PLAYBILL BRIEF ENCOUNTER With Lucky Guy Tony Award Nominee Courtney B. Vance


Courtney B. Vance
Courtney B. Vance
Photo by Joseph Marzullo/WENN

Courtney B. Vance, who hasn't appeared on Broadway in over two decades, returned to the Great White Way in the Tony-nominated play by the late Nora Ephron, Lucky Guy, and received a 2013 Featured Actor Tony nomination for his performance.


In Nora Ephron's Tony-nominated Best Play Lucky Guy, three-time Tony nominee Courtney B. Vance plays Hap Hairston, the real-life former editor of New York publications such as Newsday and the Daily News, who worked closely with the play's title character, Pulitzer Prize-winning journalist Mike McAlary, aka the "Lucky Guy." Although Vance's character is based on a noted editor in the world of 1980s journalism, he confessed that, after doing his research, he didn't have much material to pull from when creating his character. Vance, who received his third Tony Award nomination for his performance in Lucky Guy — having previously been nominated for Six Degrees of Separation and Fences — credits his success to another 2013 Tony nominee, George C. Wolfe, director of the new work. Following his nomination, we caught up with Vance, who talked about working with the director, exploring the world of journalism and obtaining his wife's (Oscar-nominated actress Angela Bassett) blessing to take on Lucky Guy.

You received your third Tony nomination for Lucky Guy. Your last nomination was in 1991 for Six Degrees of Separation. How did it feel to be Tony-nominated again after all these years?
Courtney B. Vance: I haven't been on Broadway in 20 years, and to come right back and get another nomination… I owe it all to [Tony-nominated director] George C. Wolfe because there was no research I could do on this gentlemen, [Hap Hairston] — there was nothing to be found on him. The play was kind of in motion, in flux, and I didn't know the landscape [of journalism in the 1980s] well because, when I was here in the mid-late 80s/early 90s, my head was in a script and doing plays… I didn't have a lot of time to get involved in the tabloids…so I was at sea during the rehearsal process. All I could do was really try to figure out what George [wanted], and I would base my character on [his direction]. So I had to work from the outside in. It was very frightening [and] nerve-wracking because, as I said, I haven't been on Broadway in a long time [and] away from family. [In taking on the show], I wouldn't see [my] kids for four or five months except for Skype and FaceTime, so it was a pretty scary time for me. But, George C. Wolfe — what a maestro. We all just called him "boss" and waited with bated breath on his every word! We all ended up in the same place, [thinking], "Okay, he knows exactly what he's doing. Let me focus on him… Let's just focus on what he asked us to do, do it — so he can see it — and then move onto the next moment."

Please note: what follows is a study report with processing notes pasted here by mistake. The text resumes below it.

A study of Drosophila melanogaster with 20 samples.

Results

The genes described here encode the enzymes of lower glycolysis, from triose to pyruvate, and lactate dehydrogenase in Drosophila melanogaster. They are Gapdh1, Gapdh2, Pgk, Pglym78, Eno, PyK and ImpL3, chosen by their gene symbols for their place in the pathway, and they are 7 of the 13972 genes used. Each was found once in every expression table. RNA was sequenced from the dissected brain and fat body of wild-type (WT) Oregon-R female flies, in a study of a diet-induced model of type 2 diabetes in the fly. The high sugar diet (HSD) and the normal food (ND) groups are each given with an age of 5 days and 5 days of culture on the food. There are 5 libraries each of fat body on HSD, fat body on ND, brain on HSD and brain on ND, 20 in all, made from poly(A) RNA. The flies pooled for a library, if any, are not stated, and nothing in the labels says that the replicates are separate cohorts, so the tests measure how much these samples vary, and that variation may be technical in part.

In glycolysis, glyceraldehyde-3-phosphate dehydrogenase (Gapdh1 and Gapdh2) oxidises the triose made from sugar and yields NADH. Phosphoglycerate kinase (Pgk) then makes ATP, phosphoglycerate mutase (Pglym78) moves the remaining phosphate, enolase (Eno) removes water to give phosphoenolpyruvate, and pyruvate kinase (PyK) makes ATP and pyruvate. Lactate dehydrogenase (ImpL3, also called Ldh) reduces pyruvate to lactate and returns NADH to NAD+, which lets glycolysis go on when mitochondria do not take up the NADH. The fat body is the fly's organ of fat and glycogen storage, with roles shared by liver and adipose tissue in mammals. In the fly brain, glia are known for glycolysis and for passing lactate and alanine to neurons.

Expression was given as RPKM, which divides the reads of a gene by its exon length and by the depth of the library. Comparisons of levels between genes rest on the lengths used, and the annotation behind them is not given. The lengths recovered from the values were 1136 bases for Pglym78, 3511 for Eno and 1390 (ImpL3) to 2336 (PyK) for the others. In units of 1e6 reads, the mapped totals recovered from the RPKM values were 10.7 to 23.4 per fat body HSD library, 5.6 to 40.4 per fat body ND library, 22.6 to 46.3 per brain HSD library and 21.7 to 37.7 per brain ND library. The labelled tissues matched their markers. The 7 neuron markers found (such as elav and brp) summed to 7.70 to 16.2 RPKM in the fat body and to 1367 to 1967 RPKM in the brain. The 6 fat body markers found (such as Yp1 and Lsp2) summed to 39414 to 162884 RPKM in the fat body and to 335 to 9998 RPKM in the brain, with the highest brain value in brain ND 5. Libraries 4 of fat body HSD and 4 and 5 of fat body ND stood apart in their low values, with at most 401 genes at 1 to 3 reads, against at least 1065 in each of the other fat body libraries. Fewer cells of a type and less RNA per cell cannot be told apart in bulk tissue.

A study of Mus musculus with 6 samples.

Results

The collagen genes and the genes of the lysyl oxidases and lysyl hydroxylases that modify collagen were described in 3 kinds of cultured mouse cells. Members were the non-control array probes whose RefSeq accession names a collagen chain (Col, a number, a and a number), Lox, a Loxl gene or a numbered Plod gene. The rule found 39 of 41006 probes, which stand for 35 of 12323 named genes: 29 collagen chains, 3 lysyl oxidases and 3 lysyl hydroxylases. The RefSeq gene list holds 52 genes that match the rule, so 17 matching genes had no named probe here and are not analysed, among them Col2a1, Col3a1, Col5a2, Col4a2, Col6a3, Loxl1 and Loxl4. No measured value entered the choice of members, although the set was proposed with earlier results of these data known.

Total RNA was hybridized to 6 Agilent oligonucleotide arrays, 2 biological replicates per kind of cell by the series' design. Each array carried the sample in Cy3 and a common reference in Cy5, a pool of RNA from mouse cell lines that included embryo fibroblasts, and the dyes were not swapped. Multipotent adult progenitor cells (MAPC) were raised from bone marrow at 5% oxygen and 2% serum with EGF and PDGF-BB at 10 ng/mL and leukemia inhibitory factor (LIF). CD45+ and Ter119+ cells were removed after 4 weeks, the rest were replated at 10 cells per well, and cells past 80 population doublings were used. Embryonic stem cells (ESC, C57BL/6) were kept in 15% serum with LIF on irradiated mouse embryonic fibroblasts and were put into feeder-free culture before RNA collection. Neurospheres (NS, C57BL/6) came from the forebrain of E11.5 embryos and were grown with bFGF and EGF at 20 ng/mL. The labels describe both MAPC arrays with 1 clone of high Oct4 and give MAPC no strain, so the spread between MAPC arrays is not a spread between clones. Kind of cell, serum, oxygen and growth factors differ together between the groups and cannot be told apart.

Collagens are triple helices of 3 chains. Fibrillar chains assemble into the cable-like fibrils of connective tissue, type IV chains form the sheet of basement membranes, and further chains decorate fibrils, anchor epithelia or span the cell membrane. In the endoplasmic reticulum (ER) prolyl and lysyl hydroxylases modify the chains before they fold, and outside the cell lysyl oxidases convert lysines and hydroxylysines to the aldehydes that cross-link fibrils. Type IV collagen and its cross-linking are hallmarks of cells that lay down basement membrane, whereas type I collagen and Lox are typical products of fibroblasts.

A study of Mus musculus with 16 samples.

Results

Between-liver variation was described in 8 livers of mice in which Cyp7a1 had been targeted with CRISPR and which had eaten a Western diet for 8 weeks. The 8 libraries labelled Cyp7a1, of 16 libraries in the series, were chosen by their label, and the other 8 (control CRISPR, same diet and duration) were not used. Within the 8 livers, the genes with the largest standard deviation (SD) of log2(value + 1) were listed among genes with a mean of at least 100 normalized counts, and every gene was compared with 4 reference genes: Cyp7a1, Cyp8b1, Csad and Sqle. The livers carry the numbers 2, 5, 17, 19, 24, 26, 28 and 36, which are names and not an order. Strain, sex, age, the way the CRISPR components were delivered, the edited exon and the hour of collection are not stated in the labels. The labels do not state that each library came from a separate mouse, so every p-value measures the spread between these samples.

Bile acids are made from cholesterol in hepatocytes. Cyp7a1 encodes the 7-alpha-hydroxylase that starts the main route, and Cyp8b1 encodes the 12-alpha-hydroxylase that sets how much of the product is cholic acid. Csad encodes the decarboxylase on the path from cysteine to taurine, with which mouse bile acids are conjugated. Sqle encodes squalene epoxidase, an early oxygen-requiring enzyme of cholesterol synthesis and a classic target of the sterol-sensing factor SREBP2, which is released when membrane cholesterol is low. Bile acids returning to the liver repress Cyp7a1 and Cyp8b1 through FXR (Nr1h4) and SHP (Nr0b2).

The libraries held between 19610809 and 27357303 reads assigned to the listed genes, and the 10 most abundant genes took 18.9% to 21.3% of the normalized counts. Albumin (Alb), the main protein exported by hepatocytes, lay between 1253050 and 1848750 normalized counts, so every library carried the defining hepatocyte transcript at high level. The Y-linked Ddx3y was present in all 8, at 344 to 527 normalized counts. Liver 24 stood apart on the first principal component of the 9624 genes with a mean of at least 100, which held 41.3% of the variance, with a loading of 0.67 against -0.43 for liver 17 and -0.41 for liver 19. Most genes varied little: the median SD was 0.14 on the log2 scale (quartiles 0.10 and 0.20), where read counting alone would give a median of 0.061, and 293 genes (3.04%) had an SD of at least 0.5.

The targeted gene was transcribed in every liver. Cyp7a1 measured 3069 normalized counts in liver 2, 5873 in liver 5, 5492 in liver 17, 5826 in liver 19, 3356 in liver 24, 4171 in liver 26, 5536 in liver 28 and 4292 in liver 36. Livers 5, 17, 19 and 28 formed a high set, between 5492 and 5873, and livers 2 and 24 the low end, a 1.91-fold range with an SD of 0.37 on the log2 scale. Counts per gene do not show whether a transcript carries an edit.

Vance and Tom Hanks in Lucky Guy.
photo by Joan Marcus

What was the deciding factor that got you back to Broadway? What attracted you so much to this project? I know you have twins, so it must not have been an easy decision to immerse yourself in an eight-shows-a-week schedule.
Vance: It was a very hard decision. The deciding factor was [Tony-nominated co-star] Tom Hanks and George. I had heard so much about George, and I had done the reading with him a year-and-a-half prior. I knew it was going to be grueling, and I needed a strong director to guide me through it. And, if I was going to come back on Broadway, what better way to do it than with Tom and with a director who's very strong in what he saw and wanted to do.

Did you have your family's blessing to do the play?
Vance: I had to get [my wife] Angela [Bassett]'s. I had told her I didn't quite know what the character was, how large or small it was — it's an ensemble [show centered] around Tom… But I said, "I really feel I need to be a part of this world, and even though it will be taxing on the family, I think it's time for me to do something like this. I don't think I should turn it down." And, she said, "Okay." And, she knew that she was going to be [busy] because she had the "Olympus Has Fallen" opening in March, and she was shooting a movie, "Black Nativity." But the kids were seven, and we had spent a lot of time [discussing] behavior… My mom was [watching them] at the time, initially, but our nanny was there full time, so we said, "Let's go."